JUNE 2015: At the same time each morning the former innkeeper drives past our kitchen window while Rich cooks up the apple smoked bacon or sausage.
“There goes Michael,” he says.
I feel like we are living in a sitcom, a sequel to the Bob Newhart show. What this really is though is the sequel to my first novel, The Reverse Commute. I am Sophie and Rich is Ray but we are not running a B&B in the Islands. The locals fondly refer to the town we live in as The Icebox of Connecticut.
The laundry room is filled with lots of things guests leave behind. One black stiletto shoe, a black bubble ski parka, two pairs of men’s suit pants, headphones for an IPod, a black lacy bra, a leopard print umbrella, and numerous orphaned socks. The suit pants are too large. The ski parka is too eighties. The lacy bra is too small. The headphones are just right so I keep them and the umbrella and chuck the rest.
I am skiing over moguls of white sheets and towels, swiveling from washer to dryer, aware of the possibility of rolling my ankles. The back door is open to a cool morning breeze which carries the hymns of baritones singing in the church across the street. As I fold towels and stack them in neat piles on top of the dryer the sound of voices raised in song is something like a meditation.
Rich tosses a soft red blanket onto the dirty pile of white sheets on the floor. It looks like a deer hunter’s fresh kill on newly fallen snow.
“Why are we washing that?”
“You know the couple in the Lincoln room? The wife was a babe? They didn’t sleep under the covers. They spread the throw over the comforter and slept on top of it.”
“How do you know that?”
“The bed was still made and there are some stains on the throw. I think they got some action last night.”
Eeeeww. I forgot about having to deal with that. Words that come to mind are fecal matter, shit stains, menstrual flow, pus, vaginal discharge, cum, jizz, urine.
I don’t look too close, just aim the Shout gun at the area, drenching it with stain remover. Almost everything comes out in the wash although the rag pile grows.
We provide two dark brown facecloths in each room along with packets of makeup remover and a note to our guests to please not use the white towels for removing makeup. Most people follow directions, some do not. Shout doesn’t always get the makeup off. There are a large amount of towels in the rag pile that are victims of foundation, bronzers, blush, and lipstick. If you have any cleaning tips, please send them my way.
We fold the laundry, still struggling with the sheet sizes because not all sheets are labeled. Former innkeepers have used an indelible marker to write a K or a Q on the washing instructions tag but the label is not always correct. We have learned to measure by wing span. Rich is a King. I am a Full. We have one full bed but we have several full sheets so we also use them on the two twins because the twins need College Xtra Long and we only have regular size twin sheets. Nothing is simple here at the Inn.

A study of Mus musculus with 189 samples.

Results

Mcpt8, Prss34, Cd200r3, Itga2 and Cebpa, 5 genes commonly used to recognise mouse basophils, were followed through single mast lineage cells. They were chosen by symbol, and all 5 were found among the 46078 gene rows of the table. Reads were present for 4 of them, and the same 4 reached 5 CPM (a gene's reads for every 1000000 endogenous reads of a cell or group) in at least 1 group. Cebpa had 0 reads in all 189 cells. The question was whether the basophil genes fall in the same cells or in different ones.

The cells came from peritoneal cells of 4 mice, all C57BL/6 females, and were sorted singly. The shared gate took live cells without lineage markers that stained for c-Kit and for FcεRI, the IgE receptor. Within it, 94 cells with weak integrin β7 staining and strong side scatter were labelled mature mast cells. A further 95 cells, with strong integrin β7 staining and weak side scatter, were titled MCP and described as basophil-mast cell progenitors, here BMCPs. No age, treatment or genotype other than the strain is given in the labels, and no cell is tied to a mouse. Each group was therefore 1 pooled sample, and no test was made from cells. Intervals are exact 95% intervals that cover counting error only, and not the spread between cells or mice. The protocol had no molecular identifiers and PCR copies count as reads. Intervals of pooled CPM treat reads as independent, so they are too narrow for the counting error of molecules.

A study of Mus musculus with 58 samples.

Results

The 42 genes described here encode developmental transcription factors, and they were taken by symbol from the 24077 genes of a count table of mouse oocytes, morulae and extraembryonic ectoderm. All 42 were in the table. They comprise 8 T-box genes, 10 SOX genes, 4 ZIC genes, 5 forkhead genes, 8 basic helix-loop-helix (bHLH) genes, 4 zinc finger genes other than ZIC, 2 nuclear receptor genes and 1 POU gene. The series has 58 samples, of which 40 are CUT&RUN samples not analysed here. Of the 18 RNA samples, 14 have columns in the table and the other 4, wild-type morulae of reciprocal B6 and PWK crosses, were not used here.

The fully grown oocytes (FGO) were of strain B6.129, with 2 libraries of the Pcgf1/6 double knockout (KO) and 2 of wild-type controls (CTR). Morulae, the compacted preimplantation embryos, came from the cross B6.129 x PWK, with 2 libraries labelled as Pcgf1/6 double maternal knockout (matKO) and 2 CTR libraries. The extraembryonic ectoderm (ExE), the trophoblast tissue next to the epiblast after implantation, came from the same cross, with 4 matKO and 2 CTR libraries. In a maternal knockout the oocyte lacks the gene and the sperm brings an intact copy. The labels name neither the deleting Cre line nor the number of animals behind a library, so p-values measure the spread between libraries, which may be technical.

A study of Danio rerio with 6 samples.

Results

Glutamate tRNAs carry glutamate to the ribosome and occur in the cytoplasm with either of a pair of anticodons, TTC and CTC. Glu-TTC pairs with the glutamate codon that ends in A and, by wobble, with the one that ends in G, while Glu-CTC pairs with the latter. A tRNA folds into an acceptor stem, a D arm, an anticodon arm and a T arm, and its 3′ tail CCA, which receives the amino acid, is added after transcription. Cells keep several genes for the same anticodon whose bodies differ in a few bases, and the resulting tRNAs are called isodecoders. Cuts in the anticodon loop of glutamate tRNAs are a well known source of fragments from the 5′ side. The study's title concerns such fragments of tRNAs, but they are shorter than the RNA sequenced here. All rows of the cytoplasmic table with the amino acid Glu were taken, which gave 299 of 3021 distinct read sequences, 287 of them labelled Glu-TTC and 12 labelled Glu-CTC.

I am a Chinese washerwoman doing fourteen loads a day on a busy weekend. I find myself Googling Chinese laundries and come across a blog that tells the story of the history of laundry B.C., Before Chinese. When I tell the owner we do over thirty loads on a full house weekend, what with the cloth napkins and bathrobes along with the sheets and the towels, he replies, “That’s not true.” He says that a lot.
Despite Dr. Rich’s orders to rest my ankles, I help make beds. One of the rooms needs a new pillow.
“Check the matelasse closet,” I tell him.
“The matelasse closet. Those bedspreads I thought were mattress covers? It’s quilted bedding, all one color but the quilting gives the spread a raised design.”
An image pops into my head. I see Rich behind the podium on Jeopardy. I share out loud my wandering thoughts.
“You’re playing against two other guys, and you answer a question about bedspreads. ‘What is matelasse, Alex?’ The other two guys look over thinking, who the hell is this guy?”
Rich picks right up on my train of thought. “Yeah, then I say, I’ll take Victorian bedding for one thousand, Alex.”
“All across America guys are sitting in their recliners watching Jeopardy and saying who the fuck is this guy?”
“Alex says, ‘an embroidered round cloth found on bedside tables.’ I hit my buzzer first and answer, ‘What is a doily, Alex?’”
Days later if I think about this conversation, hysterical laughter is guaranteed to overcome me.
In the early afternoon, in the short amount of time between cleaning rooms and checking in guests, I retire to the screened-in porch to read a book. The back door to the laundry room is open and I can hear the sound of towels tumbling in the drier, the whirr of sheets spinning in the washing machine, the gush of the rinse cycle. Across the backyard the smell of clean laundry drifts my way.